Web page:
As always, send your comments and questions to email@example.com. Previous versions of my column can be found on my blog at www.disasterprepdave.blogspot.com. Dave Robinson is the Postmaster in Bandon, Oregon, and the author of “Disaster Prep For The Rest Of Us”. Available on Amazon.com, Barnes and Noble and other online booksellers.
When it is no longer safe to live in your home, then it’s time to evacuate. Some evacuations are middle-of-the-night, grab what you can and run because the water heater just set the house on fire. But more often we think of evacuating in the face of a hurricane, tornado, or other cataclysmic event. Then there are the times that you have a little more warning. In past columns, I haven’t dwelt too much on evacuation because in our region, hurricanes and tornadoes are just not that common.
Recent wildland fires in northern Alberta, Canada, have underscored the fact that evacuation can be a reality. According to news reports, over 80,000 people have fled their homes as a result of out-of-control fires in the region. When it comes to wildland fires, our local officials tell us there are three levels of evacuation notices. Level 1 is to be ready. Residents are encouraged to move livestock and pets out of the area. Check your plan and begin to make preparations to bug out. Gas up your car. Evacuation is voluntary at this point. Level 2. Residents are ordered to leave soon! Roads are usually closed and entry to evacuated areas may be denied. Residents may have time to gather necessary items, but will do so at their own risk. The time for making a plan is past and it is now time to gather your family, supplies and head for safety. A Level 3 notice is an order to leave immediately, that imminent danger exists and there is no time to gather personal belongings. Jump in your car and hit the road.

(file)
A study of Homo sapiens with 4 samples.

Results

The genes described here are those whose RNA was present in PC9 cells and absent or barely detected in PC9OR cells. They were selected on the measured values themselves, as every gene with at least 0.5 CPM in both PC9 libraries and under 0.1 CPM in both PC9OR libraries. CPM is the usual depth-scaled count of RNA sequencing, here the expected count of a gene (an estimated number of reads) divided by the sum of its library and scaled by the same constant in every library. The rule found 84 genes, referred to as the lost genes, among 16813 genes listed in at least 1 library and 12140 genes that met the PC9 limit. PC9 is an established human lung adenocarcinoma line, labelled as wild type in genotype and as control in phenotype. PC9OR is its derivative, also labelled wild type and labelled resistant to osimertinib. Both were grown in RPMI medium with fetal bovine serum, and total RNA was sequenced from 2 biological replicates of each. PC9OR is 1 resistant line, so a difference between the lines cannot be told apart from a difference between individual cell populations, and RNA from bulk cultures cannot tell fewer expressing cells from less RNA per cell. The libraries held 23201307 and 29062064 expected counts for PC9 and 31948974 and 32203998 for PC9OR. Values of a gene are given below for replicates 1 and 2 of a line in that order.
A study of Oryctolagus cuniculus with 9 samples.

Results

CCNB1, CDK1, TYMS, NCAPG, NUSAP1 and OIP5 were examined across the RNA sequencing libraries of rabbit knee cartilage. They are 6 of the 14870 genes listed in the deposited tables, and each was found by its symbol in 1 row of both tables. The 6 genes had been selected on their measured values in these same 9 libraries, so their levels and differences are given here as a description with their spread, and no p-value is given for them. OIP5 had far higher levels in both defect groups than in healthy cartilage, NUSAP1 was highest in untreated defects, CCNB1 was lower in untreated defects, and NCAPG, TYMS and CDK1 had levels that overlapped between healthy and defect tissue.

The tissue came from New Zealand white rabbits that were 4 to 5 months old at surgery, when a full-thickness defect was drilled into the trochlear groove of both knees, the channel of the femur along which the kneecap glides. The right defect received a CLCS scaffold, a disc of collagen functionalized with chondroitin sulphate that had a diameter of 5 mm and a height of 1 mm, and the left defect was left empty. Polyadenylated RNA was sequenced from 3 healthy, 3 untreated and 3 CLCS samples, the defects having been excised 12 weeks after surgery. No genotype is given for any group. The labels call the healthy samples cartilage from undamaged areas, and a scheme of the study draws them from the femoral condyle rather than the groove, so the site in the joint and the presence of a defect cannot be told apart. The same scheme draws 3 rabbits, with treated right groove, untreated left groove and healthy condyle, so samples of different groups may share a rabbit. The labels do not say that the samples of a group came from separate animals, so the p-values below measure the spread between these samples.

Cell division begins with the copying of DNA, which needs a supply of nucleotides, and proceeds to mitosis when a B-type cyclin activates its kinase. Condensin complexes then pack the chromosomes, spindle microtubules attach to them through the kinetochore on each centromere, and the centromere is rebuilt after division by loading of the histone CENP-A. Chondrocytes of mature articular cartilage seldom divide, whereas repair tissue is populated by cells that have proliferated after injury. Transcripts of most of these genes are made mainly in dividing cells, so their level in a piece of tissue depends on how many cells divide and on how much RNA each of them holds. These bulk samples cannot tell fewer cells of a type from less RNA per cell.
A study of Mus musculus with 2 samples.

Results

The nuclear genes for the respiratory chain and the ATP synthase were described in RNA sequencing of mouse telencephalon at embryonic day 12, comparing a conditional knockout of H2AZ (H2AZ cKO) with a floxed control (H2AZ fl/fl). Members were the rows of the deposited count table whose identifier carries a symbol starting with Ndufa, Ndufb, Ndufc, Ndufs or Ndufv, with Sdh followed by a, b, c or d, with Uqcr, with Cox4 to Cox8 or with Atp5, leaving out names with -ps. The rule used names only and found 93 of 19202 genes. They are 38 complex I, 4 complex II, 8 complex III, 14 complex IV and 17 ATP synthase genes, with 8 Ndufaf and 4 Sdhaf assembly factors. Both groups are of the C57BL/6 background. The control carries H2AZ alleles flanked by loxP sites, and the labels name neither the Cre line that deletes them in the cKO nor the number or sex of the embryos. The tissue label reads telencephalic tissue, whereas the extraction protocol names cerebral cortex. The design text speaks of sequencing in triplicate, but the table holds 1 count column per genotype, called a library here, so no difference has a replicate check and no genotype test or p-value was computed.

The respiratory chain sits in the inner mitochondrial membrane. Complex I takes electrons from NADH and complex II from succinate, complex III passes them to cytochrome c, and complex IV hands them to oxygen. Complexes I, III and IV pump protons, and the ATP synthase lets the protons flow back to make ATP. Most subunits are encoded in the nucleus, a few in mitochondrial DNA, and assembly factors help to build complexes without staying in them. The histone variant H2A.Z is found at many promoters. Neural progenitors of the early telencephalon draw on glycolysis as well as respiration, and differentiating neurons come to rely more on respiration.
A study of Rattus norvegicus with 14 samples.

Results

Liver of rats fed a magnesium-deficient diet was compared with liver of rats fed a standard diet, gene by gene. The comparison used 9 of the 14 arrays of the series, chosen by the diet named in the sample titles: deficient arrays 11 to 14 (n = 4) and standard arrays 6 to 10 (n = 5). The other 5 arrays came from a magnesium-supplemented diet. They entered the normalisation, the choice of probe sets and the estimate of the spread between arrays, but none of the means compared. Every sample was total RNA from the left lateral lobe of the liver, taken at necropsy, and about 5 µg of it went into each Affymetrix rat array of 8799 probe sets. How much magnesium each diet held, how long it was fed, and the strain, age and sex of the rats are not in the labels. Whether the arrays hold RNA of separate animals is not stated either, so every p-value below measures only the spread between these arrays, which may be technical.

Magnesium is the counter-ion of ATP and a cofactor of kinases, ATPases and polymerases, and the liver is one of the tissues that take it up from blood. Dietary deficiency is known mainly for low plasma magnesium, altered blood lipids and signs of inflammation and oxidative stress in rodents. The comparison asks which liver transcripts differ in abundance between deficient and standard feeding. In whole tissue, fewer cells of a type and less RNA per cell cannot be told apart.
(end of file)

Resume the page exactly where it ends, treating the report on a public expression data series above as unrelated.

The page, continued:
Fire officials noted some folks were more “disaster-ready” than others. Each family was told to consider the 5 “P’s” when making plans to evacuate. The 5 “P’s” include (1) People and Pets (and livestock too), (2) Papers (important documents), (3) Prescriptions, including hearing aids, eyeglasses and your medications, (4) Photographs, so your memories are preserved and finally is (5) your Personal Computer. There is often invaluable, irreplaceable data on your hard drive.
Of course, having a complete 72 hour kit at the ready is going to ease the task of deciding what to take, and as always having a plan in place will eliminate a whole lot of confusion when the time comes to evacuate. When you have a plan, the panic factor, not to mention the stress on the marriage and overall volume of the conversation, is greatly diminished.
Get a Kit, Make a Plan, and Be Informed is still the theme for every disaster. The best time to make ready is now, before the fire department comes knocking.